Editor’s note: On March 26, 2012, James Cameron made a record-breaking solo dive to the Earth’s deepest point, successfully piloting the DEEPSEA CHALLENGER nearly 7 seven miles (11 kilometers) to the Challenger Deep in the Mariana Trench. DEEPSEA CHALLENGE is now in its second phase—scientific analysis of the expedition’s findings. Click here for news about the historic dive, an exclusive postdive interview with Cameron, and information about the next phase of the expedition.
Making the nearly 7-mile (11-kilometer) descent to the deepest place on Earth, exploring the ocean floor, conducting experiments, collecting samples, and returning safely to the surface requires a craft unlike any other—a “moon lander” for a place less understood, more forbidding, and perhaps less forgiving than the farthest reaches of space.
Illustration courtesy Acheron Project Pty Ltd
The challenge is every bit as daunting as building a vehicle to take a person to Mars. Conditions at the unexplored frontier of Earth’s deepest point are perhaps even more extreme than they are on the moon. The pressure of the ocean so many miles beneath the waves is crushing, the water is near freezing, and there is perpetual darkness. You are surrounded by dramatic geology at the edge of Earth’s colliding tectonic plates, and who knows what forms of life are out there beyond the range of your lights. If anything goes wrong, it’s a long, long way home.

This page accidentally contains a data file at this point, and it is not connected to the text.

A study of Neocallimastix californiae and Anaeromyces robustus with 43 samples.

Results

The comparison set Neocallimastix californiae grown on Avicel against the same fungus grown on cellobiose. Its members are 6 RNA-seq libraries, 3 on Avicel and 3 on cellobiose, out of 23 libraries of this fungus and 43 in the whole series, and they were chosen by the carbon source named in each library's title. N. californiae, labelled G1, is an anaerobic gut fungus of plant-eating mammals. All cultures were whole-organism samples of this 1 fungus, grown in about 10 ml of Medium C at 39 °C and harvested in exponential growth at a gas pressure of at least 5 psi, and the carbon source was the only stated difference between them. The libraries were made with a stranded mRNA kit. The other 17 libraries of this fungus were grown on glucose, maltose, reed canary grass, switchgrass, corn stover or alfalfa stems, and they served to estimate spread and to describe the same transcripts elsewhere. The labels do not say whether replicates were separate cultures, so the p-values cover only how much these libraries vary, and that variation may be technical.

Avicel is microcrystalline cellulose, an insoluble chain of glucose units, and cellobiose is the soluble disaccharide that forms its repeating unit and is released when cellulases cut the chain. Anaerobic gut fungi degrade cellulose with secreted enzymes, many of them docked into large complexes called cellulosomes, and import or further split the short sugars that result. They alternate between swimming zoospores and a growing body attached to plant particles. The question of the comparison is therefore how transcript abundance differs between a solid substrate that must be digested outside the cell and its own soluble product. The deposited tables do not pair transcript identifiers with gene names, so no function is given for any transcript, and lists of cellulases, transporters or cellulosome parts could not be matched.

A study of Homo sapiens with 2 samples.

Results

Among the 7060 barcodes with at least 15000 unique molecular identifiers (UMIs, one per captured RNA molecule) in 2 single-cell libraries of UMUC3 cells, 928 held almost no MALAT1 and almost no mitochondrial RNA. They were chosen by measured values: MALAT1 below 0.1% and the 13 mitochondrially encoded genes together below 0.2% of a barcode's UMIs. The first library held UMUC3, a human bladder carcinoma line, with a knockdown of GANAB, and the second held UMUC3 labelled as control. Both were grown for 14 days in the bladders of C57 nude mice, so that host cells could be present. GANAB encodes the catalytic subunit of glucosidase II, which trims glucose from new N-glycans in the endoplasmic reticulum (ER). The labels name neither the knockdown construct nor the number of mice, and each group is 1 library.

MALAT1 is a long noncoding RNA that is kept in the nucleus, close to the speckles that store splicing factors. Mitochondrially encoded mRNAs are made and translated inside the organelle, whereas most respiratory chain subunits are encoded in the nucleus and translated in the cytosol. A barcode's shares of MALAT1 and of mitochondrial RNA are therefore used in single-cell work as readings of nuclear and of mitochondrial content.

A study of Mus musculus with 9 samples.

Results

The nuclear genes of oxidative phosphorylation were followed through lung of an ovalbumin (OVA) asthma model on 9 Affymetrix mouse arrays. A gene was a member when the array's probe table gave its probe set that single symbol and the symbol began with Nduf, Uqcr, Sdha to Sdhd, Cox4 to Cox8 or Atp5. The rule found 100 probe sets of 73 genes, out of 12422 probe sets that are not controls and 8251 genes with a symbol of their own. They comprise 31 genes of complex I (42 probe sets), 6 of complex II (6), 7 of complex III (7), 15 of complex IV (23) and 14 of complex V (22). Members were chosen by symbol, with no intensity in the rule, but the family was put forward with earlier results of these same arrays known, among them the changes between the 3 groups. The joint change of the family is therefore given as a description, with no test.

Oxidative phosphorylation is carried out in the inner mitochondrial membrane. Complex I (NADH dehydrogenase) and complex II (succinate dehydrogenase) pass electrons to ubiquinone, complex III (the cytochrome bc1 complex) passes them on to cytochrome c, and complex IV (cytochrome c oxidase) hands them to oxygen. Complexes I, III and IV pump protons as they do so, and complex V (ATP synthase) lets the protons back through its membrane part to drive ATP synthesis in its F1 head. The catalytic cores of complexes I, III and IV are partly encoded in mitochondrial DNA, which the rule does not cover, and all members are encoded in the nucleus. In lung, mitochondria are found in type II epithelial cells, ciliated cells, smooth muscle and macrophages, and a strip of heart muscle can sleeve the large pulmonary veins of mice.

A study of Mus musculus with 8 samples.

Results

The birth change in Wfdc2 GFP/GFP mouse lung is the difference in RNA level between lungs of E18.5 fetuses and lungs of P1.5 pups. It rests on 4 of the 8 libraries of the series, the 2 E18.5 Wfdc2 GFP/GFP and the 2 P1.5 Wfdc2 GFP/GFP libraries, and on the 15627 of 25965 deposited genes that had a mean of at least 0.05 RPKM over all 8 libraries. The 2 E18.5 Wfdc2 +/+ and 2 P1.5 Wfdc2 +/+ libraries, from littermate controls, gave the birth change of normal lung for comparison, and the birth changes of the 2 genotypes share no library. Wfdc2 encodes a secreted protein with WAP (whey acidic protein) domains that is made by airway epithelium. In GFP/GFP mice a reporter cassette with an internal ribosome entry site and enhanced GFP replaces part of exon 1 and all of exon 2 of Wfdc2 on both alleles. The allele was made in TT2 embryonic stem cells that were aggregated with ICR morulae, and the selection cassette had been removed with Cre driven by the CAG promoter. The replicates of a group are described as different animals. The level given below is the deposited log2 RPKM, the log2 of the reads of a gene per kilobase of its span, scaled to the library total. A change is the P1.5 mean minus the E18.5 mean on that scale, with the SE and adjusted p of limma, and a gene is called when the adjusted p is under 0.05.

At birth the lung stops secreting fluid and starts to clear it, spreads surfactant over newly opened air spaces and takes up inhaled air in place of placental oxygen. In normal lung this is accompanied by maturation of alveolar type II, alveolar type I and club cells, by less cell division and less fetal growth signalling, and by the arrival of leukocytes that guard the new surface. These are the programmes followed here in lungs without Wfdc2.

Incorporating new technologies, designs, and materials, the submersible DEEPSEA CHALLENGER is the product of years of dreaming, planning, building, and testing. From its one-of-a-kind vertical attitude to its innovative materials, including a highly sophisticated syntactic foam developed specifically to withstand the pressure at the bottom of the ocean, the craft is a showcase of engineering innovation. Above all, it is designed for safety—every critical function has multiple backup systems, from human life support to power, communications, and the mechanisms that return the sub to the surface of the ocean.
In building the DEEPSEA CHALLENGER, Cameron and his team of engineers and scientists wanted to accomplish several objectives:
- To create and operate a vehicle that can carry a human pilot to the deepest sites in Earth’s oceans and perform work with significant bottom time for research activities;
- To demonstrate the ability to dive repeatedly at any given site to gather data, samples, and imagery to create a comprehensive data set;
- To demonstrate the effectiveness of a human-piloted vehicle as a science platform for investigation in the hadal zone, the deepest part of the ocean;
- To demonstrate the successful interaction of piloted, unpiloted, and remotely piloted platforms to perform a broad range of science tasks in concert;
- Beyond just these demonstrations of capability, to return the maximum actual science value from the first expedition;
- To bring back compelling imagery in 3-D of never before seen geological processes and species. This will inspire public interest in exploration and in scientific study of the deep ocean, especially among young people who must become our future scientists, engineers, and explorers.